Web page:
I find that most of us read the Parable of the Two Sons in Luke 15 through the filter of years of tradition rather than good interpretation. Maybe it’s because our Bibles have a subtitle “Parable of the Prodigal Son” at the top of that section. Unfortunate!
Before we dive into this parable, let’s start with a few clarifying statements:
- There were two lost sons, and one gracious father.
- The word “prodigal” (which is not in the parable) means “reckless or extravagant spending.”
- One son was “found” by the end of the parable, one stayed lost—guess which one!
- The older son was the focus of the parable, and represents the religious leaders.
Where Jesus really gets His point across to His listeners is not when the younger brother falls into sin, or even when that young man comes to his senses. The clincher of the story comes when Jesus tells the response of the older son to the father’s gracious receiving back of the younger brother!
“The older brother became angry and refused to go in. So his father went out and pleaded with him. But he answered his father, ‘Look! All these years I’ve been slaving for you and never disobeyed your orders. Yet you never gave me even a young goat so I could celebrate with my friends. But when this son of yours who has squandered your property with prostitutes comes home, you kill the fattened calf for him!’” (Luke 15:28-30 NIV)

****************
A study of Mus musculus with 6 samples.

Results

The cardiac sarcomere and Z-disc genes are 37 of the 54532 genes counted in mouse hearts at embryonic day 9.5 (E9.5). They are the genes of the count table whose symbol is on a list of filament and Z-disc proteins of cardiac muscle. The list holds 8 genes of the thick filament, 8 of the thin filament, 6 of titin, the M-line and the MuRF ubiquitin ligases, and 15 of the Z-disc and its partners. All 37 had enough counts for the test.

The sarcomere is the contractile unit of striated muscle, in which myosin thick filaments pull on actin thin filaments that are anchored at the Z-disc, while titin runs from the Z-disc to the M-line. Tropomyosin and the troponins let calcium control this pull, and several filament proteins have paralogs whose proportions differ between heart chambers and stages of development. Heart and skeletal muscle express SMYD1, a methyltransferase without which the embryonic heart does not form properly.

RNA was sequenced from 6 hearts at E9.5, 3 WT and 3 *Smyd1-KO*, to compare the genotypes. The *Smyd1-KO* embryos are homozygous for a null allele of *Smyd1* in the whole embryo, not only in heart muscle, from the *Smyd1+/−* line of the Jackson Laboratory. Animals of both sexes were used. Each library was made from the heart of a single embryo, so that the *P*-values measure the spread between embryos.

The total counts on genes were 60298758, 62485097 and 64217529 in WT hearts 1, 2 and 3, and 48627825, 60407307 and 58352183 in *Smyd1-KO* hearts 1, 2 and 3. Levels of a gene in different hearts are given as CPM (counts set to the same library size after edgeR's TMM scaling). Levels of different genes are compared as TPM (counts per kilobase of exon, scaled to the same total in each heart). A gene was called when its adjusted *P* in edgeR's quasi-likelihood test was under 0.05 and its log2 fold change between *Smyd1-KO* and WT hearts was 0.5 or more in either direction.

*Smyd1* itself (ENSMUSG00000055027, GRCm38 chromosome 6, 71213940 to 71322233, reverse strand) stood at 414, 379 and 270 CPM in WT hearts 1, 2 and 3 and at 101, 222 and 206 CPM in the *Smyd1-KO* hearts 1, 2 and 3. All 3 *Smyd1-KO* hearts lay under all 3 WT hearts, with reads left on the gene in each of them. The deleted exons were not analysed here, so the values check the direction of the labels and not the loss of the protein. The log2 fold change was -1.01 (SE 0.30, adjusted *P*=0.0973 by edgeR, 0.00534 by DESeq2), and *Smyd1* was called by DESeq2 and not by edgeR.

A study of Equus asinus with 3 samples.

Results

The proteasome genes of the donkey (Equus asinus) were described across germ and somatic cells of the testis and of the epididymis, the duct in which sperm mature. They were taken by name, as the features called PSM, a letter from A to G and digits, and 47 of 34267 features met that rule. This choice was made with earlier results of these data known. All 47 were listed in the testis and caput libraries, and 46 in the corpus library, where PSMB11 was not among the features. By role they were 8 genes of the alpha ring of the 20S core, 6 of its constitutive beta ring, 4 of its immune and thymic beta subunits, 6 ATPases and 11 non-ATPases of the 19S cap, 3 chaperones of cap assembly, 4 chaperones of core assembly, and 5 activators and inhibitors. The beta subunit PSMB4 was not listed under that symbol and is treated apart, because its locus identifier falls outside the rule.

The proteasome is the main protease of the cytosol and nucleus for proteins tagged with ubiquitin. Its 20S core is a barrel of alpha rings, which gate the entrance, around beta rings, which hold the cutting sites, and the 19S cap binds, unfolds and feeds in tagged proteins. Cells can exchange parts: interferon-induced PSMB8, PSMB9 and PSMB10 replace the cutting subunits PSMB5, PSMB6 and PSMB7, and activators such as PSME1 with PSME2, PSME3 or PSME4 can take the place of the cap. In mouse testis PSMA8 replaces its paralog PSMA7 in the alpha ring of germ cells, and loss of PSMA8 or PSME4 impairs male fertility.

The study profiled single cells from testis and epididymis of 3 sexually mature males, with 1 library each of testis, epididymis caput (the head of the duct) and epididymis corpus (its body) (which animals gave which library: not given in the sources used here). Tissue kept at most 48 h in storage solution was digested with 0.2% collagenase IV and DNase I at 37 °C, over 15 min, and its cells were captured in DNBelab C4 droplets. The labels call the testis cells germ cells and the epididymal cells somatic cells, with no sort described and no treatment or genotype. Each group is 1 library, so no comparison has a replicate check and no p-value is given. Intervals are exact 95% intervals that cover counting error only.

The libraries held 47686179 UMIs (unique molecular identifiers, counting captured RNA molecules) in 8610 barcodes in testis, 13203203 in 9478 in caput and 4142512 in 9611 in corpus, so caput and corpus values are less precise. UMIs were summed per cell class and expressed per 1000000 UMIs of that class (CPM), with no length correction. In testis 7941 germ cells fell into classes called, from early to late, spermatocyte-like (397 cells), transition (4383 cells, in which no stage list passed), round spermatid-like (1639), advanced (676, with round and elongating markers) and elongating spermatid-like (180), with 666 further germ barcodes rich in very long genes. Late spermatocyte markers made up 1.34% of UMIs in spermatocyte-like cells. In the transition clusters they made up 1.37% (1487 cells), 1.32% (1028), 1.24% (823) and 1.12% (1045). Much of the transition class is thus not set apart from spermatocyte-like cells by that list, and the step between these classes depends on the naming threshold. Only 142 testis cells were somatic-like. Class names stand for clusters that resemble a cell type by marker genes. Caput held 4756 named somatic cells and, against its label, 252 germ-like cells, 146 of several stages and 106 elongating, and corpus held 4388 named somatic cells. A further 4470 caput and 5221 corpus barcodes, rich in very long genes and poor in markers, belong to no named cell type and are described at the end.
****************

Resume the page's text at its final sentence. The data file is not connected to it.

The main message? Missed grace!
The older brother completely missed his father’s grace. What characterized the older brother characterizes many of us in the Body of Christ:
- We forget that we are saved by grace … alone.
- We believe we have our act together more than we do—or at least we behave that way.
- We look down on other people based on their behaviors or appearances rather than remembering that we don’t know their whole story. This leads to judgment without compassion.
- Out of judgment, we distance ourselves from those who are unlike us. Instead, we need to cross barriers and boundaries to embody and speak the Good News in friendships with lost people, and those different than us. We have a good model for this in Jesus!
If we are really honest, each of us carry some of these characteristics as well. In my next four posts, I want to reveal why I believe that our current U.S. culture has a gross misunderstanding of the Gospel, Jesus, and what it means to be a “Christian.” And it all parallels the very message Jesus was trying to get across to the religious people of His day. The religious establishment of the first century missed grace, just as many of us do today.